July 29, 2014
By Alyssa J. Miller
After six hours of cruise flight from Florida to Fond du Lac, Wisconsin, DeltaHawk Diesel Engines’ 180-horsepower diesel-powered Cirrus SR20 still had one hour of reserve on board, pilot Nate Zucker said, despite having a 55-knot headwind part of the way. Zucker, a Cirrus standardized instructor and an aerospace engineer, is helping flight test the proof-of-concept engine. Zucker and DeltaHawk Chief Technology Officer Doug Doers flew the aircraft to Oshkosh at altitudes between 3,500 feet and 6,500 feet.
DeltaHawk officials wouldn’t release performance information from the flight because the engine is early in the flight testing phase, but they said it is projected to rival a normal Cirrus SR20’s performance and consume 30 percent less fuel. The two-stroke, single-lever control engine will offer cruise power at about 2200 rpm, and a red line of 2650 rpm, and have a minimum TBO of 2,000 hours. Zucker said that the aircraft currently has a Hartzell aerobatic propeller, which inhibited the aircraft’s speed performance. Without disclosing any numbers, Zucker hinted that finding the right propeller for the engine would add several knots to its cruise speed. Fitted with a DeltaHawk engine, the aircraft weighs 10 pounds less than a standard SR20 with a Continental IO-360-ES 200-hp engine.
DeltaHawk President Dennis Webb said he expects to receive FAA certification in mid-2015. It already is working on installations on 41 aircraft worldwide. The company expects to hire up to 200 employees and will begin producing a non-certified version of the engine at the end of this year.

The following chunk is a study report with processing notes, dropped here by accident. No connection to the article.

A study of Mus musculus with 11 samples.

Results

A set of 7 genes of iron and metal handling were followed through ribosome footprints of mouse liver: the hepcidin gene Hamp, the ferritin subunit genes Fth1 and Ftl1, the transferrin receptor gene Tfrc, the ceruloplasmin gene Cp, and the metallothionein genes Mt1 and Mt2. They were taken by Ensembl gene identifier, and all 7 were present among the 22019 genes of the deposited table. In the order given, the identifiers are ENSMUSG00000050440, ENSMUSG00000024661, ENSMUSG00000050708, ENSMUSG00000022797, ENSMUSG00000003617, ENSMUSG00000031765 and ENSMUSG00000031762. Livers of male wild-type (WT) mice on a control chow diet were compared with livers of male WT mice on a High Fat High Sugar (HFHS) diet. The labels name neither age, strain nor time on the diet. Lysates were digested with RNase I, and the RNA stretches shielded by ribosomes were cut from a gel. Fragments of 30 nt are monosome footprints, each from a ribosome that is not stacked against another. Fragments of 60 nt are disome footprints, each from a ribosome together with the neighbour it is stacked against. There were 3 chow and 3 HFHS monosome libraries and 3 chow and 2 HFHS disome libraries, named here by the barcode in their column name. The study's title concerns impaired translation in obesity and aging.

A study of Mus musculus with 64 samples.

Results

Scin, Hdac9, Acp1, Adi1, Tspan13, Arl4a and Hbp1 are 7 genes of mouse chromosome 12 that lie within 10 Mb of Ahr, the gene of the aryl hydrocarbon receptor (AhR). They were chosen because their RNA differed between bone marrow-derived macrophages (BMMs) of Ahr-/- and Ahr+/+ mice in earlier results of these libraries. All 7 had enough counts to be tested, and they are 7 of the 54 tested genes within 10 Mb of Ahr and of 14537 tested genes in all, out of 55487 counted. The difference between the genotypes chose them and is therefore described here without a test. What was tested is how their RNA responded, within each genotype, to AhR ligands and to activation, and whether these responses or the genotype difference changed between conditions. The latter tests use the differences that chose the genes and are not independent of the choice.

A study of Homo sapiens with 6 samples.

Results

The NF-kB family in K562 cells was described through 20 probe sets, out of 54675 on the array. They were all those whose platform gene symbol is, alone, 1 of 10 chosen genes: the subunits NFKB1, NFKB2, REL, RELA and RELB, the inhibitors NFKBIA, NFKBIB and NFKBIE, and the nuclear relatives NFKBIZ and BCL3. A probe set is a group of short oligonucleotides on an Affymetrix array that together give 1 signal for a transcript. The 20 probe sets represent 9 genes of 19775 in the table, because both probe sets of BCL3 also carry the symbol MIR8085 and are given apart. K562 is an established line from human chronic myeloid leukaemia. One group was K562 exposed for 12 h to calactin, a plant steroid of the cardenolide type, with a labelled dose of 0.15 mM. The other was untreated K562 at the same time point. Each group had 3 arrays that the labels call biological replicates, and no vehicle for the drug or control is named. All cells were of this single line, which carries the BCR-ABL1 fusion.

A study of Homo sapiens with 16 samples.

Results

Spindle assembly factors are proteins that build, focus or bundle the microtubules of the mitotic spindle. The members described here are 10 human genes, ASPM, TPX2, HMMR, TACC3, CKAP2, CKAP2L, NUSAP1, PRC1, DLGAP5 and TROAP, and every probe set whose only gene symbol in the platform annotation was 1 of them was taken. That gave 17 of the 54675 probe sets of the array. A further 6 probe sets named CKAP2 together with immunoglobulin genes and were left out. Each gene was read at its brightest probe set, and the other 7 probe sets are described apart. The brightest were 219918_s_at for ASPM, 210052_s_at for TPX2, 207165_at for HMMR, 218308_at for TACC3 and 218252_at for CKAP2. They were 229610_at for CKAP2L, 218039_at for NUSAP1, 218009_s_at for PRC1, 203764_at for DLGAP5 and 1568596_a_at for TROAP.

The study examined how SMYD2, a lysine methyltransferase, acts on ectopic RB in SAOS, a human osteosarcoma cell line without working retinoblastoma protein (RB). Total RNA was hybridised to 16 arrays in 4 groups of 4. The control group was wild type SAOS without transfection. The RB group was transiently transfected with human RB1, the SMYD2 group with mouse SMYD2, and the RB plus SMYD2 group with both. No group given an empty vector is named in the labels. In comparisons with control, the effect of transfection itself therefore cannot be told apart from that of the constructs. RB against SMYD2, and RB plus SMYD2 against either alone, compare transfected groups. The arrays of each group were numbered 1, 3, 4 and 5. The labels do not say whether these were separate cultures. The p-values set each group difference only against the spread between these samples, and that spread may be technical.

AOPA Director of eMedia and Online Managing Editor Alyssa J. Miller has worked at AOPA since 2004 and is an active flight instructor.
Single Lever Power Control,
R and D,
Aircraft Power and Fuel,
Cochise College in Douglas, Arizona, has ordered six RedHawk remanufactured diesel Cessna 172s for its training fleet, RedHawk Aero announced Jan. 20.
When Premier Aircraft of Fort Lauderdale, Florida, announced a Jet-A-burning turbocharged Continental 135-horsepower diesel engine for the Cessna 172, the response came as no surprise.
After years of waiting, 2015 may prove to be a very important year in the development of compression-ignition (diesel) aircraft engines.